Editorial, Michael King, news editor, Austin Chronicle, Mar. 5, 2003


If Texas maintains its current pace of executions throughout 2003, the state could easily exceed its record of 40, set in 1999. Of the 12 executions nationwide so far this year, Texas conducted 8, and it has 9 more scheduled through April.

Last year, of the 71 people executed nationwide, 33 were in Texas. No other state comes close to executing as many people.

The situation in the Lone Star State is all the more striking in light of the recent decision by former Illinois Gov. George Ryan to pardon 4 death-row inmates outright and commute the sentences of 167 to life in prison. Ryan, a Republican who left office in January, described the Illinois capital-punishment system as "arbitrary and capricious and therefore immoral."

Texas Gov. Rick Perry, also a Republican, denounced Ryan's decision as "inappropriate" and lacking in leadership. "If he has a problem in his state -- which obviously he does -- you do it case by case," Perry said. "You don't just walk in, because there are some victims of crime that you spit in the eye of."

In fact, Ryan did not "just walk in." An independent commission did do a review, case by case. It discovered arbitrary or biased prosecutions; inadequate or incompetent defense; mentally ill or retarded defendants; reckless use of jailhouse or accomplice informants; coerced confessions; and four confirmed innocents.

And despite Perry's protestations, the Texas situation is much the same as that in Illinois. There has never been any attempt at a systematic review of the cases of the more than 450 inmates currently on Texas' death row, but pro bono defense teams -- which have been able to review only a handful of capital cases -- have demonstrated that the system is riddled with problems.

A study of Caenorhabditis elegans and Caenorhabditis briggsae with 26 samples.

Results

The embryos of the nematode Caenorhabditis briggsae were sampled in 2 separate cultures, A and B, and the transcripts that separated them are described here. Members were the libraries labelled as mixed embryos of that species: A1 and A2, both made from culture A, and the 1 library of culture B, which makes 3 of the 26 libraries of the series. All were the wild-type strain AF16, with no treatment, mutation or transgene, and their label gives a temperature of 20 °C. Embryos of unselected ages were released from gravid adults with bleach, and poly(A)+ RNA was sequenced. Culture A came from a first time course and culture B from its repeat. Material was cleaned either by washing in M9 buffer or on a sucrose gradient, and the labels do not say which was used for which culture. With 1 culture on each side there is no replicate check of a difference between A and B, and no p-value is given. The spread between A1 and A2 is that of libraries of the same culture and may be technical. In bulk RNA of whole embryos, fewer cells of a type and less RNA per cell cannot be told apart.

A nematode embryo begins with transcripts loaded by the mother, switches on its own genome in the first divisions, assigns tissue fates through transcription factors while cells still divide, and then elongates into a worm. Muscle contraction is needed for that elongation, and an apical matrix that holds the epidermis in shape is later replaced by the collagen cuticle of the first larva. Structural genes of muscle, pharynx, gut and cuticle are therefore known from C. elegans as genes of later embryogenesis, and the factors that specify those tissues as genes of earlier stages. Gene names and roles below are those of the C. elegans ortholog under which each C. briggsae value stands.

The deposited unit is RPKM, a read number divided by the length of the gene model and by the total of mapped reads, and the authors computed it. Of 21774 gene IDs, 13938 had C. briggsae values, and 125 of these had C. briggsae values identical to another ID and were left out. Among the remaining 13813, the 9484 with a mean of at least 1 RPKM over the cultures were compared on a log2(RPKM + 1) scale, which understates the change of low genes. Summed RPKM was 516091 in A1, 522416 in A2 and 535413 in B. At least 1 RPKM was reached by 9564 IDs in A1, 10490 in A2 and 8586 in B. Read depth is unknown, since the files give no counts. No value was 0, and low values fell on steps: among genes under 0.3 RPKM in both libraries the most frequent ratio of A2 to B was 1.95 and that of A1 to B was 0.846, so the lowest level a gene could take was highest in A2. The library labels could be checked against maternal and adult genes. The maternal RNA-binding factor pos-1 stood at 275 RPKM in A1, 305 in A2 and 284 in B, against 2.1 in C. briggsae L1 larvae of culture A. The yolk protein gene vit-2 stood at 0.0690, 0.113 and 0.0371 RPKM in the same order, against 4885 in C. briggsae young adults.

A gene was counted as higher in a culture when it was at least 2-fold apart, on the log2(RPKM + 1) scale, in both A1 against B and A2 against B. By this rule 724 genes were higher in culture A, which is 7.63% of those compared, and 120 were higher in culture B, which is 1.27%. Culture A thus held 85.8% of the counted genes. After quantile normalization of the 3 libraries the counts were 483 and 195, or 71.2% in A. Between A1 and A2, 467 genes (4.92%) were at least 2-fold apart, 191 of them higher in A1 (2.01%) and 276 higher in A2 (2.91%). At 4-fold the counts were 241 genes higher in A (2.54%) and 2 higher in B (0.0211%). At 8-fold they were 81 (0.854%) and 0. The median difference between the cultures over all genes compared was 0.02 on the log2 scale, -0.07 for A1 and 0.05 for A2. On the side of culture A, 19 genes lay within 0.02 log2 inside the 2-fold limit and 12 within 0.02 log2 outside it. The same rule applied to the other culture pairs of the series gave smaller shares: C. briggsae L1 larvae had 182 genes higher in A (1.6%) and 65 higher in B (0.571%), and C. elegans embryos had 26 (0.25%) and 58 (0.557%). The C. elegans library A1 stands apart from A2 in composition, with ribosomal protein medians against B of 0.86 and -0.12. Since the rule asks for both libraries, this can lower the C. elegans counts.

John "Jackie" Elliott, executed Feb. 4, is the most recent case in point.
Elliott was convicted in 1987 of the rape and murder of an Austin woman.
In December, a team of volunteers reviewed his case and discovered, among other things: exculpatory evidence, including 40 witness statements, never provided to the original defense; blood evidence, potentially implicating the prosecution's primary witness, that had never been DNA-tested; and representation by a series of inadequate or incompetent court-appointed attorneys. The team even polled the 12 original jurors, who joined in requesting that the execution be stayed and DNA evidence be provided for testing.

We would be aware of none of this if outside attorneys had not volunteered to review the case.

Elliot's case is all too representative of the quality of justice in Texas. In 2001, the legislature finally agreed to fund a state system for indigent defense for the 1st time. This month, however, to help balance the state budget, the presiding judge of the Court of Criminal Appeals recommended returning those funds unspent.

In 2001, a bill that would have outlawed the execution of mentally retarded convicts was vetoed by Perry. Another that would have enabled juries to impose life without parole was derailed by prosecutors who feared, reasonably enough, that juries so empowered would impose fewer death sentences. Those bills and several others, including calls for a moratorium and review, have been proposed again this year, but there is little reason for optimism.

Why is Texas so far ahead in executions? Are Texans bloodthirsty or devoted to "frontier justice"? Not really; a majority of Texans support capital punishment, but not in a percentage radically greater than those in other states.

When it comes to the death penalty, Texas is in fact more Southern than Western: The Southern states (primarily the old Confederacy) have accounted for about 80 % of the 832 executions nationwide since 1976.
Because a greatly disproportionate number of the condemned are black or brown and poor, it doesn't take a great leap of imagination to comprehend the historical circumstances that have led the Deep South states down this path. The current national rush to vengeance cannot be blamed on
Judge Roy Bean

When Texans are offered the certain alternative of life without parole, or asked whether they support the execution of convicted juveniles or mentally incapacitated people, like other Americans their support for the
death penalty diminishes to a minority. That is why they are not offered such choices, either on juries or in the voting booth.

Judges as well as prosecutors devote much of their campaigns to declaring their willingness to impose the death penalty in order to not appear "soft on crime."

In the end, capital punishment is not about justice. It's about politics.
The Texas capital-punishment system still performs its primary function quite well: It helps elect prosecutors, judges and state politicians.